Updated: Jul 18, 2021

Just Say Yes To Multiethnic Faith Communities: a Reflection on Psalm 130, 2 Corinthians 8:7-15 and Mark 5:21-43

In her book The Gift of Thanks, Margaret Visser lifts-up the power of gratitude by using the images of soil, lubricant, and glue. Visser writes:

[Soil] refers to the disposition of the person to be grateful …. his [their] freedom to [be] ungrateful, by contrast, is hard and dry, not easily moved by kindness, unwilling to be kind in return ….” Gratitude is [also] a social “lubricant” …. It makes things move smoothly; after all, giving and giving back are movements back and forth …. When there is no gratitude, there is no meaningful movement; [relationships] become rocky, painful, coldly indifferent, unpleasant, and finally break off altogether. The social “machinery” grinds to a halt. [Finally] … gratitude is “glue.” The image points again to the social cohesion that gratitude supplies. Modern society is experienced as fragmented, in danger of flying apart … Gratitude is “a kind of plastic filler,” “an all-purpose moral cement,” a sort of magic paste that is amazingly malleable, squeezing itself into the cracks and then solidifying and strengthening the social structure.[1]

Gratitude is the social lubricant to foster meaningful exchange to keep interaction moving in the right direction. In Mark 5:30, 34, Jesus responds to being touched by a woman who had been suffering from hemorrhages for twelve years, “Who touched my clothes? …Daughter, your faith has made you well.” Martin Luther King, Jr, in his April 16, 1963, Letter from a Birmingham Jail, writes,

Was not Jesus an extremist for love: “Love your enemies, bless them that curse you, do good to them who hate you, and pray for them which despitefully use you, and persecute you”? Was not Amos an extremist for justice: Let justice roll down like waters and righteousness like an ever-flowing stream”? Was not Paul an extremist for the Christian gospel: “I bear in my body the marks of the Lord Jesus”? Was not Martin Luther an extremist: “Here I stand; I cannot do otherwise, so help me God”?[2]

In the citation just read, Martin Luther King, Jr. points us in the right direction. And that direction? To touch and be touched by Jesus so that our words and deeds promote love, not hate.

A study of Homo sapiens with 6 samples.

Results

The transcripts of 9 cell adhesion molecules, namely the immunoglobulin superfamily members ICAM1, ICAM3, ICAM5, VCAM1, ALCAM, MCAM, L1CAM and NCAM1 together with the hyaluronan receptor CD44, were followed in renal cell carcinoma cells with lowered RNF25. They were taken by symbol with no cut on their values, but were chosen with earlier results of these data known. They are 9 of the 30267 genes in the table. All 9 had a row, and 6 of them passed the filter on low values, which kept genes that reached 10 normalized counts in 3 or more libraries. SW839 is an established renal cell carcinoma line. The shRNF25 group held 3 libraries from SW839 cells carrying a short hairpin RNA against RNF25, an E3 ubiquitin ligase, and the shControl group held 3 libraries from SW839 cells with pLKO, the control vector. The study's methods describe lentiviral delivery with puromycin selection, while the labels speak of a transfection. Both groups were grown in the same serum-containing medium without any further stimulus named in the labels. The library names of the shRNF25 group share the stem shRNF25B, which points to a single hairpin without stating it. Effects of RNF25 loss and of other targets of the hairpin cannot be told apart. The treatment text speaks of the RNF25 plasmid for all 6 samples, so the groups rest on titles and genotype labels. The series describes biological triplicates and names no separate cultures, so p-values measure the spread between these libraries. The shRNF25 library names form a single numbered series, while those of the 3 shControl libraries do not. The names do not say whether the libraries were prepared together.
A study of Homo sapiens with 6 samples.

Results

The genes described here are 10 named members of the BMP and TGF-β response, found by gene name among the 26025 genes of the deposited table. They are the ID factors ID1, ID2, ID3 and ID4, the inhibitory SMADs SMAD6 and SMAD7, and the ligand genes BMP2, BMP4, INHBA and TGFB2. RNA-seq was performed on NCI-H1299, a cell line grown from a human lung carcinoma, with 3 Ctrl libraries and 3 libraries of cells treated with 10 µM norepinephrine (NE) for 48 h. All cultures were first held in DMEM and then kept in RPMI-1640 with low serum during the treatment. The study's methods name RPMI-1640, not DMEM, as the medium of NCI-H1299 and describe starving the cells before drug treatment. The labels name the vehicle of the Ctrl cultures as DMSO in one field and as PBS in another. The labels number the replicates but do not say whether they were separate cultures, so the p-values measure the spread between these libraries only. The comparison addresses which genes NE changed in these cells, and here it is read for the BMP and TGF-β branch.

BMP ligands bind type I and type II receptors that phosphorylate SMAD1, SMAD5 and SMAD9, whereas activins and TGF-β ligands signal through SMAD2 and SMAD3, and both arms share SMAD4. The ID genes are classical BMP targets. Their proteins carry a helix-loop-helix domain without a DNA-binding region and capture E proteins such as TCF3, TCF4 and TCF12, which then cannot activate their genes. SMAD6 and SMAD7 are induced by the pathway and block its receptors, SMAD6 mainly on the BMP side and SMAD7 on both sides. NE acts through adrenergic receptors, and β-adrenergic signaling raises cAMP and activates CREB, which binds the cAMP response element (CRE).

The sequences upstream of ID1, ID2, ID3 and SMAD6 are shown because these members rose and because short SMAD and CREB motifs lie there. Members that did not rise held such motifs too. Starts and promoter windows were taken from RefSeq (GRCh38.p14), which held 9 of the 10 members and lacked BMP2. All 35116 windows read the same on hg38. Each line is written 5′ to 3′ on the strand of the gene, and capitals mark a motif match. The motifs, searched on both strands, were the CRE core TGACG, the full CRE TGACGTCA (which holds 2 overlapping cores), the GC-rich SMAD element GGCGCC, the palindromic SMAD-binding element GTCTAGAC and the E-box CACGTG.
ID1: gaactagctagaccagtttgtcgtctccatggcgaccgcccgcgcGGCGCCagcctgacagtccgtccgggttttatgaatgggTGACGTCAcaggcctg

We are to be grateful for our ongoing encounter with Jesus so that we continue to be sacrificial Christians and churches as opposed to religious people and social clubs. Psalm 130:1, 5 reads, “Out of the depths I cry to you, O Lord. I wait for the Lord, my soul waits, and in his word I hope.” 2 Corinthians 8:13-14 reads, “I do not mean that there should be relief for others and pressure on you, but it is a question of a fair balance between your present abundance and their need, so that their abundance may be for your need, in order that there be a fair balance.” In sacrifice, individual Christians and churches are generous in word and deed when it comes to others.

Mark 5:21-43 relates two stories about Jesus extending wholeness and blessing to individuals who society may have marginalized due to them being out of reach of such restoration. Jairus, on behalf of his daughter, and the woman suffering from blood hemorrhaging, displayed faith that God heals. These individuals claimed Jesus' time. Jairus would have lived a marginalized existence had he not come to Jesus believing that Jesus was able to heal and restore his sick daughter. The ailing woman with the issue of blood hemorrhaging would have continued living a marginalized existence had she not believed in Jesus, pursued him in the crowd, and touched his garment.[3]

We should not make any ethnic centrism like Afrocentrism, Arabcentrism Asiancentrism, Latincentrism, or Whitecentrism an absolute. Bryan Loritts cites John Piper in this regard, “If the church focuses on efforts toward racial diversity and justice and harmony where God is not central, and Christ is not exalted, and the Bible is not believed, and the gospel is not cherished, the inevitable result will be what we have seen for the last fifty years—the marginalization of God, the centralization of noble slogans, and the loss of power to change human hearts and institutions they create.”[4] Claim Jesus’ time, the good news of the gospel and transformation, not your ethnicity and the ethnocentrism of its faith journey.

Do not make the fruit of the gospel the gospel. When that happens the power of the gospel is lost and cannot produce fruit. Touch Jesus and be touched by him.

[1]Margaret Visser, The Gift of Thanks (Houghton Mifflin Harcourt, 2009), 327-328. [2]Bryan Loritts, ed., Letters To A Birmingham Jail: A Response To The Words And Dreams Of Dr. Martin Luther King, Jr. (Chicago, Illinois: Moody Publishers, 2014), 67. [3]In the two paragraphs of textual analysis above, I have benefited from the thinking of Mark McEntire, Wyndy Corbin Reuschling, Anna George Traynham, Zaida Maldonado Perez, William Yoo, Matthew L. Skinner and Richard W. Voelz in Joel B. Green, Thomas G. Long, Luke A. Powery, Cynthia L. Rigby and Carolyn J. Sharp, editors, Connections, Year B, Volume 3 (Louisville, Kentucky: Westminster John Knox Press, 2020), 108-111, 111-112, 113-116, 117-119, 119-121, 122-124 and 124-126. [4]Bryan Loritts, ed., Letters To A Birmingham Jail: A Response To The Words And Dreams Of Dr. Martin Luther King, Jr., 71.